MEMORY LANE: The schoolboy who took on Gary Player – and won

Making the news in 1974
Making the news in 1974

IT’S not every day that a young schoolboy gets the chance of a round of golf with top professional Gary Player.

And it’s even more unusual for that youngster to beat one of the world’s finest players.

But, as the Mail reported on New Year’s Eve 40 years ago, that’s what 13-year-old David Whelan achieved – and on the South African legend’s home course as well.

The Mail reported: “David’s golfing career has just teed off to a fine start after Gary saw him play and invited him to his home to learn some of the finer points of the game.”

It happened when David, of Tees Close, Peterlee, and his family were on holiday in Spain, at the La Manga golf resort.

David took part in a pro-am competition and spent four days following Gary Player around the course.

The top professional got to know him and said David had fantastic potential.

Gary invited David, a Shotton Hall Comprehensive pupil and member at Seaton Carew Golf Club, to his Honeydew ranch, in South Africa, and flew him 250 miles in his private plane to his home.

That’s where David, who had begun playing golf two years earlier with part of a pram handle as his first club, made his mark by beating the multiple major champion.

The Mail reported: “Now David’s parents are hoping to find a tutor to coach him so he can play every day.

“And it looks like the family’s holiday in Spain has launched David on a sporting career.”

The Mail’s prediction would turn out to be true.

David went on to win British and England Boys caps and turned professional, where his finest hour came in 1988 when he beat Nick Faldo, England’s most successful golfer of the century, in a play-off for the Barcelona Open.

That victory came after Whelan turned to Faldo’s own coach David Leadbetter for help with his game, something that would eventually lead him into teaching at the Leadbetter Academy at Wynyard Golf Club, then as his European director of instruction before moving to the US in 2003.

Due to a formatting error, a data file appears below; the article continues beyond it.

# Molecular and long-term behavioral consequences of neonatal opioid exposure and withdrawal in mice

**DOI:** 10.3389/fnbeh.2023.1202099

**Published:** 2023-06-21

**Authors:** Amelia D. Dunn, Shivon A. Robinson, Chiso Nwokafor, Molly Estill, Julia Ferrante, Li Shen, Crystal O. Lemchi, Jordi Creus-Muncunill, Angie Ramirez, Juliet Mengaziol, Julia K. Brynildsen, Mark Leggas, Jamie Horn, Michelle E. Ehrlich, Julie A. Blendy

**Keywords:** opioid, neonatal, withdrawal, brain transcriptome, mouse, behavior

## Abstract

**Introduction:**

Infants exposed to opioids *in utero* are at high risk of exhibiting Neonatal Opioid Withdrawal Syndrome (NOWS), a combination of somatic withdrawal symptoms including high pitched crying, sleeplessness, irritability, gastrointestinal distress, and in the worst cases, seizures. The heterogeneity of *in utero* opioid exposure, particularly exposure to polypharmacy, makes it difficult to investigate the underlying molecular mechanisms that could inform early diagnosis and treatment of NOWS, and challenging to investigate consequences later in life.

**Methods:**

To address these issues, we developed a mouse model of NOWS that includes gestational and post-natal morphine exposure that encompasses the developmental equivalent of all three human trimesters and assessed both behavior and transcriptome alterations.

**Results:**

He would go on to become director of golf instruction at Leadbetter’s Lake Nona academy, coaching a long list of top players including former Open Champion Paul Lawrie and US Women’s Champion Paula Creamer.

Email or write to him at Hartlepool Mail, New Clarence House, Wesley Square, Hartlepool, TS24 8BX.

Also in the news:

DAVID Whelan wasn’t the only visitor to South Africa featured in the Mail 40 years ago today.

Mr and Mrs John Sanderson, of Belmonte Avenue, Blackhall Rocks, had just returned from a five-week holiday in the country, and told the Mail they were surprised to find no television over there.

Mr Sanderson, a Hartlepool Post Office supervisor, told the Mail: “They seem to get along very well without it.

“Once they get TV, my guess is it will spoil their way of life.”

l IT was a miserable New Year for 500 workers at luxury car makers Aston Martin, which was put into liquidation 40 years ago this week.

Managing director CharlesWarden blamed the Government, saying: “Why they should allow a company like Aston Martin, part of our heritage and our way of life, to fail, God only knows.”

l FIGURES showed that inflation broke the 20 per cent barrier in 1974, with 25 per cent inflation forecast for 1975.

But average wages were already rising by 26.5 per cent a year.

l SUN Discount, in York Road, Hartlepool, reported shoppers queuing from 3.30am to buy one of six £25 washing machines.

Manager Kevin Hooks told the Mail: “I came down to the shop at about 8.55am and there were about 30 people waiting.”

l YOUNG film fans were well catered for a local cinemas, with the Odeon in Hartlepool offering Winnie the Pooh and Tigger Too and Judy Garland in The Wizard of Oz at the Ritz in Horden.

TV highlights included New Year’s Eve at the Wheeltappers and Shunters Social Club with Matt Munro and Charlie Williams.

l HARTLEPOOL off-licences were having to cope with an “unprecedented” last-minute rush for wines and spirits for the night’s New Year’s Eve celebrations.

“Many stores in the town reported long queues,” said the Mail.

Police were expecting their busiest night of the year.

“We find we are called out frequently right up to 6am, be it to punch-ups, accidents or complaints about noise,” said a spokesman.